ISAs are often the first port of call for investors looking to save tax. They are simple, flexible and tax-efficient. By using your full ISA allowance each year (£20,000 in the current 2017/18 tax year) it’s possible to build up a large pot of money sheltered from capital gains tax or income tax. This is especially important given that the amount an individual can receive in dividends without paying tax will be cut from £5,000 to £2,000 from 6th April 2018.
The ISA allowance is available to any UK resident over 18 and can be split between different types – the main ones being Cash and Stocks & Shares. Stocks and Shares ISAs could deliver a higher return than Cash ISAs over the longer term, but remember that there is a risk the value of your investments could fall – especially in the short term.
Almost everyone includes a comfortable retirement as one of their financial goals. Pensions are often a highly effective means of achieving this due to the tax relief available on payments into them.
Currently, anyone under 75 with relevant UK earnings can receive tax relief when they make a contribution within the annual allowance to a personal pension such as the Charles Stanley Direct SIPP. 20 per cent is added by HMRC and any further higher or additional rate income tax relief can be reclaimed – potentially a simple way of reducing your income tax bill for the year.
Tax relief on your personal contributions is limited to 100 per cent of your relevant UK earnings. Contributions, including those paid by your employer, are also subject to the annual allowance, which for the 2017/18 tax year is usually £40,000. However, those with ‘adjusted’ income over £150,000 for this tax year have a reduced annual pension allowance, the minimum being £10,000.
It is also possible for non-tax payers to benefit. In the 2017/18 tax year individuals under age 75 can contribute up to £2,880 to a pension and receive a further £720, resulting in an overall contribution of £3,600. In addition to upfront tax relief, money in a pension is free from capital gains tax and any income tax.
This tax year you can realise profits on investments of up to £11,300 free from capital gains tax (CGT). If you have holdings outside an ISA or pension that are showing a gain it may be worth selling them and buying them back in a tax-efficient wrapper. This “crystallises” the gain and could reduce the amount of tax you would have to pay in future – it could also be a good way of using your ISA or pension allowances. This process is also known as a “Bed & ISA” or “Bed & SIPP” depending on which is used.
It’s not possible to carry the CGT allowance over to the next tax year so, if you are planning to sell assets that have gone up in value more than your capital gains tax allowance, it may make sense to split this over more than one tax year.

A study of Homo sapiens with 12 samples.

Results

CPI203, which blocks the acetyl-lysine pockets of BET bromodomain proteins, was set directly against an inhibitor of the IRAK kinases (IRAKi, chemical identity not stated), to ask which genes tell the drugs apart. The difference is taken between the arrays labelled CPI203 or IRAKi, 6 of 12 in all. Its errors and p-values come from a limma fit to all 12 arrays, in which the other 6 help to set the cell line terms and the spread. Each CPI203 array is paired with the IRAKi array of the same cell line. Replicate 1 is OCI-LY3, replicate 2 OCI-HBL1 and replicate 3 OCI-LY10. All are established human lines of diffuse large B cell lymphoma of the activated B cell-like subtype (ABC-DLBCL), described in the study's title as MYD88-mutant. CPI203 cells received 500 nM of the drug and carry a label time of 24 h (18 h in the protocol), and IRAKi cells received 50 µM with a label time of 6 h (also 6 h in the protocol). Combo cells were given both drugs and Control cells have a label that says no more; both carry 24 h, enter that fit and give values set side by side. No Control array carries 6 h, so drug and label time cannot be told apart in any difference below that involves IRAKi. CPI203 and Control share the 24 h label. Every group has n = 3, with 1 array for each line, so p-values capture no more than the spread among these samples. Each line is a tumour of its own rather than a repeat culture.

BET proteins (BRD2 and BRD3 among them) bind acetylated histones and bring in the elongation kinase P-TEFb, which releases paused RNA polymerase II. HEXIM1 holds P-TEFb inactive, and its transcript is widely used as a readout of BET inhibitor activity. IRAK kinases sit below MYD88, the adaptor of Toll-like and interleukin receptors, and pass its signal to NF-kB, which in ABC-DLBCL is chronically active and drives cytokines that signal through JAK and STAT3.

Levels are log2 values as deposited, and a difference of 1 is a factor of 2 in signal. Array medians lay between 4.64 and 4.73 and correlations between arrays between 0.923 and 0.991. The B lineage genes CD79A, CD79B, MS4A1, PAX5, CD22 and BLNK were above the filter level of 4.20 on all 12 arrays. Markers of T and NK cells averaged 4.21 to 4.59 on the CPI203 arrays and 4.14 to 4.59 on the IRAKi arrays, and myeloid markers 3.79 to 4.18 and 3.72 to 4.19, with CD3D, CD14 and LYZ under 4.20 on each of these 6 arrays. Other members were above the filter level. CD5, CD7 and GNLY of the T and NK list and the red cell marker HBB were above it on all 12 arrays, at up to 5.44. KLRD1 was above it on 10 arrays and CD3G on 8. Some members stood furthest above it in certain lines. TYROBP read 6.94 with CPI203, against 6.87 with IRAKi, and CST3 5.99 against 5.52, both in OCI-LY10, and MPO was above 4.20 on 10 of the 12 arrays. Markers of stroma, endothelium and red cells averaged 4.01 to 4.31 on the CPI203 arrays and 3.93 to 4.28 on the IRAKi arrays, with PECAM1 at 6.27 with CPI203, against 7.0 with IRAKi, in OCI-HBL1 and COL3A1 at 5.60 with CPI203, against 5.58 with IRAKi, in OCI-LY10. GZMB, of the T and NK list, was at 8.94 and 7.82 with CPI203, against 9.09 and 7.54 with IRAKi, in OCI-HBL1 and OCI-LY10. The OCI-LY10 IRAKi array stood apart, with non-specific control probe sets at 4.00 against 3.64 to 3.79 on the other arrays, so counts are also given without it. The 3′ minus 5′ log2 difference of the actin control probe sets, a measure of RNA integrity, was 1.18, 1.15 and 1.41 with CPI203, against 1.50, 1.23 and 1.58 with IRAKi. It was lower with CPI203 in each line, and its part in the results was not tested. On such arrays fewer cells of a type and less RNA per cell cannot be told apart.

Inheritance Tax (IHT) is currently payable at a rate of 40 per cent on estates worth over a threshold of £325,000 for the basic allowance. Married couples and Civil Partners can pass their thresholds between them meaning that there is normally nothing to pay on the first £650,000. A ‘main residence’ allowance increases this figure to £825,000 at present and this is set to rise incrementally to £1m by 2020.
The simplest way to reduce the size of your estate, and a potential IHT bill, is to gift money to others, perhaps children or grandchildren to help them out financially. Gifts exempt from IHT include an annual £3,000 lump sum, which can be given to one person or divided between a number of people, plus £250 a year to as many people as you like.
Junior ISAs are a popular way for family and friends to build up tax-efficient savings and investments for a child. Withdrawals are possible from age 18 when it automatically converts to an adult ISA, meaning the pot can be useful to help with the cost of university or a deposit for a house. A parent or legal guardian of an eligible child can open a Charles Stanley Direct Junior ISA online, manage the account and make the investment decisions. Grandparents, relatives or family friends can then also contribute up to the annual investment limit, which this tax year is £4,128 per child.
The taxation of pensions is based on individual circumstances and may be subject to change in the future.
The information contained within this article is based on our understanding of current UK tax provisions, which is subject to change, and the benefits of which would depend on your personal circumstances.
This website is not personal advice based on your circumstances. No news or research item is a personal recommendation to deal. Investment decisions in fund and other collective investments should only be made after reading the Key Investor Information Document or Key Information Document, Supplementary Information Document and/or Prospectus. If you are unsure of the suitability of your investment please seek professional advice.